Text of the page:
Have you ever tried to explain a presidential primary to a young person or to a visitor from another country? I don’t recommend it.
Here in New York, we often know more about the Iowa Caucuses than about our own primary system. As nutty as the system is (They stand in corners of a room on a school night? What?), ours is nearly as bizarre. I’ll try to compress the process into 800 words, but I’m sure to leave something out. It may make more sense to work backward.
July 13–July 16: The Democratic Convention in Milwaukee, Wisconsin.
You’ve seen this on TV—people in state delegations waving signs and wearing silly hats. The convention names the party’s nominee for president and vice president and adopts a party platform. Delegates choose the nominees by simple majority. You have probably watched the lengthy state roll call that constitutes this vote.
This year, a winning nominee must receive support from a majority of the 3,979 pledged delegates at the convention. But who are those delegates? Where did they come from?
May 12, 2020: The State Convention in Albany, New York.
State Committee members elect 61 at-large (as opposed to district-level) pledged delegates, based on the recommendations of a Nominating Committee that consists of campaign representatives and others. A pledged delegate is committed to a particular candidate, but in New York, no law binds delegates to a candidate on the first or any other ballot at the Democratic Convention in July.
To win at-large delegates and alternates at the State Convention, a candidate must have reached at least 15% of the vote in the New York state primary. If no candidate reaches that percentage, the threshold becomes half the percentage of the vote received by the front-runner.
The State Committee also selects 29 party leaders and elected officials as pledged delegates.
April 28: The New York State Primary
You know that you can vote for your favorite presidential candidate in the primary. However, you may also vote for pledged delegates. Based on a population formula, our Congressional district, CD-23, is allowed six pledged delegates in all, three men and three women. (Nonbinary delegates count as neither, and the remainder of the delegation must be divided by gender as closely as possible.)
Most people vote for the six delegates that match their choice of presidential candidate. However, you may pick and choose, voting for a friend who’s on this slate and a neighbor who’s on that slate, for a total of six in all.
Only candidates who meet the threshold of 15% are viable. Then, delegates are allocated proportionally based on the primary results, but they must be gender equal. That can lead to some odd results.
If Candidate A is the only candidate to get over 15% of the vote in CD-23, all of his or her six delegates will head to the Democratic Convention, no matter how many votes each received.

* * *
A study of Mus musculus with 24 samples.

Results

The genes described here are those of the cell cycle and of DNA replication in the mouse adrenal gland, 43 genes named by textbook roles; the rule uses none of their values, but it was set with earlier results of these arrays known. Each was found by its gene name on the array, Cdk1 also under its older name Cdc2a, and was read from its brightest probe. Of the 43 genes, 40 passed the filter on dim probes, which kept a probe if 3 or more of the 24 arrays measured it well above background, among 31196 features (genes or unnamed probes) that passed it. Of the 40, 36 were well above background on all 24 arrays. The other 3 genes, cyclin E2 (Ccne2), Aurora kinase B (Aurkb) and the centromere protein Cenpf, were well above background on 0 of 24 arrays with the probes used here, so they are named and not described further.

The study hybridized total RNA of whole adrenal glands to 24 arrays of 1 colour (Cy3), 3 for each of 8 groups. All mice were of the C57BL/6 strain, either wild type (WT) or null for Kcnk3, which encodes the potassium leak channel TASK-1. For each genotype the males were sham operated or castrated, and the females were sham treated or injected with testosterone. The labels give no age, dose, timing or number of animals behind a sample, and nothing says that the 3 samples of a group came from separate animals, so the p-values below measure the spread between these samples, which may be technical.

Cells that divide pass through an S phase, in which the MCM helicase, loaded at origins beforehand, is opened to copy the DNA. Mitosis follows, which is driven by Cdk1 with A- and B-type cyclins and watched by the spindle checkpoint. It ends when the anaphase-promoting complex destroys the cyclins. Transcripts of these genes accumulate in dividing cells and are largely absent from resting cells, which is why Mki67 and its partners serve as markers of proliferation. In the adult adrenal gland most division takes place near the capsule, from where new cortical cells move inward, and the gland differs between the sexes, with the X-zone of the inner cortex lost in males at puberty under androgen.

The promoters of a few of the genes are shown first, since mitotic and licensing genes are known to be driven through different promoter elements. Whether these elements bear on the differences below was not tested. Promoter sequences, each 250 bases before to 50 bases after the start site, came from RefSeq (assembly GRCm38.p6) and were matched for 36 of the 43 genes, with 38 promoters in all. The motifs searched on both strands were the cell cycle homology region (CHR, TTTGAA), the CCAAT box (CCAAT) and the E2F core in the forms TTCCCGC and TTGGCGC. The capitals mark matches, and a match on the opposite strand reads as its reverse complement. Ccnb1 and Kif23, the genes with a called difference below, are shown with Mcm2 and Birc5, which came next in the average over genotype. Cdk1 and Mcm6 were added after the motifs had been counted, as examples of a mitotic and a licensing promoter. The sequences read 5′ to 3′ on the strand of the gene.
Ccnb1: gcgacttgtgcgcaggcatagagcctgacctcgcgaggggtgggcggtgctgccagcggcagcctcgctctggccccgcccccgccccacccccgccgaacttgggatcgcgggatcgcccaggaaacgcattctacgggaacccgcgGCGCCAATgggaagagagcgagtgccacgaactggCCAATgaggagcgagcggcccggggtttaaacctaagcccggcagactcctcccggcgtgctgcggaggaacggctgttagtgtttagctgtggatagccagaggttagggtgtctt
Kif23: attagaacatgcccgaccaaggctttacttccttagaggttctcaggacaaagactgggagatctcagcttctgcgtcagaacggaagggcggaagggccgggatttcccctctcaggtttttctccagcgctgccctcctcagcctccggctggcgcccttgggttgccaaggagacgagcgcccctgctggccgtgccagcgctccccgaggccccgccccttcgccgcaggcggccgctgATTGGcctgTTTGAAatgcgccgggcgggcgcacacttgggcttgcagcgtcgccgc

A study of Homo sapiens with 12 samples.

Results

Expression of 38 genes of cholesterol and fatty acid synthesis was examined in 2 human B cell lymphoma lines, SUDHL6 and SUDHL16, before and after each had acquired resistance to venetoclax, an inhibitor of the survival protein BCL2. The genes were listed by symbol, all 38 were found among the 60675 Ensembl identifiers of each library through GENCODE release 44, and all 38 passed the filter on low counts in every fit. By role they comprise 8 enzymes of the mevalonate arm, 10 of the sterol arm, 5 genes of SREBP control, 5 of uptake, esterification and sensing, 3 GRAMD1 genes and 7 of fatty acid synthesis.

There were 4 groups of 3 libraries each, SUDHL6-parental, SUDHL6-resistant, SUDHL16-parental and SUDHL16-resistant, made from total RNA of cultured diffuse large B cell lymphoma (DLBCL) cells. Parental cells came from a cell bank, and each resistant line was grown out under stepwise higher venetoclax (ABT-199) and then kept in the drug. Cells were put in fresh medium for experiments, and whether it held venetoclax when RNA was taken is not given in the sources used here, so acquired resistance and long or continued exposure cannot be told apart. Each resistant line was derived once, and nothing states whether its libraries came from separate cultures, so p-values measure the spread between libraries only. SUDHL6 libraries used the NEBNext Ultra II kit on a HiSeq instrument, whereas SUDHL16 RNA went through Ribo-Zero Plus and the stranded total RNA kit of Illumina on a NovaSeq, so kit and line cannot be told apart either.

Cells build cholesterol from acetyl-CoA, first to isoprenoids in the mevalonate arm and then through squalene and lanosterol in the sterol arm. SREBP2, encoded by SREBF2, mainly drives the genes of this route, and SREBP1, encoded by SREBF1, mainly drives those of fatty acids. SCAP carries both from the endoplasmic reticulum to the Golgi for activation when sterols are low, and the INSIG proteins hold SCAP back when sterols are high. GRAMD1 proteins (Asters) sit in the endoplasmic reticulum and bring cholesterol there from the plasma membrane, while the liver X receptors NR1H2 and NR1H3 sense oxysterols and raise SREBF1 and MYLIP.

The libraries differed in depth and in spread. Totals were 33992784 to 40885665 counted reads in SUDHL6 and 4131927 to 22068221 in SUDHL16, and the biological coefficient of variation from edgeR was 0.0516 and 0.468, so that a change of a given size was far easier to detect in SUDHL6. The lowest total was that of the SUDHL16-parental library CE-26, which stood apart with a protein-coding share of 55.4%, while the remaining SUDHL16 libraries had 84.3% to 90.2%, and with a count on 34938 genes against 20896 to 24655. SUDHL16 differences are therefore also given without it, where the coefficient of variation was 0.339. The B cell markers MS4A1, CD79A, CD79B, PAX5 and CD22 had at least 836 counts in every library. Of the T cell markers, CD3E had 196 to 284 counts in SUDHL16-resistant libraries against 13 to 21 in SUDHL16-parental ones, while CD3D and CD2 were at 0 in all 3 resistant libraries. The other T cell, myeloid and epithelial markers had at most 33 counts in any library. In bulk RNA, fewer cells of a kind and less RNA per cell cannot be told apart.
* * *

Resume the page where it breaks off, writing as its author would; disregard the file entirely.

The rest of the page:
Now suppose Candidate A wins a majority in CD-23 and Candidates B and C win over 15% but less than Candidate A. Candidate A could end up with his or her top three vote-getting delegates, as long as they are split gender-wise.
Candidate B might get two of his or her own delegates, but which ones would depend on the gender split in Candidate A’s delegation. And Candidate C might get just one delegate, again dependent on the gender split of the other five delegates already selected.
March 6, 2020: Confirmation of “Automatic,” Unpledged Delegates
By this date, the State Committee must confirm the superdelegates. These include Democratic members of Congress, the governor, members of the DNC who live in New York and important party leaders who live in New York (e.g., Bill Clinton).
Unlike in 2016, these superdelegates may not vote on the first ballot at the National Convention. Their votes will only count if voting continues to a second ballot.
Feb. 6, 2020: Deadline for Candidate & Delegate Petitions
Presidential candidates need 5,000 signatures from registered NYS Democrats. District-level delegates need 500 signatures from Democrats in their Congressional District. The delegates circulating petitions in January applied via the campaign to which they are pledged.
Those who win in the primary will be confirmed at the State Convention. They are simply interested Democrats of many different backgrounds who live in the Congressional district. Some of them will represent us in Milwaukee, funny hats optional.
If you are registered with another party or with no party at all, and you want to vote in the presidential Democratic primary, you must re-register as a Democrat with the Board of Elections by Feb. 14.
Kathy Zahler is Director of Communications for the Tompkins County Democratic Committee. See the committee website at www.tcdemocrats.org.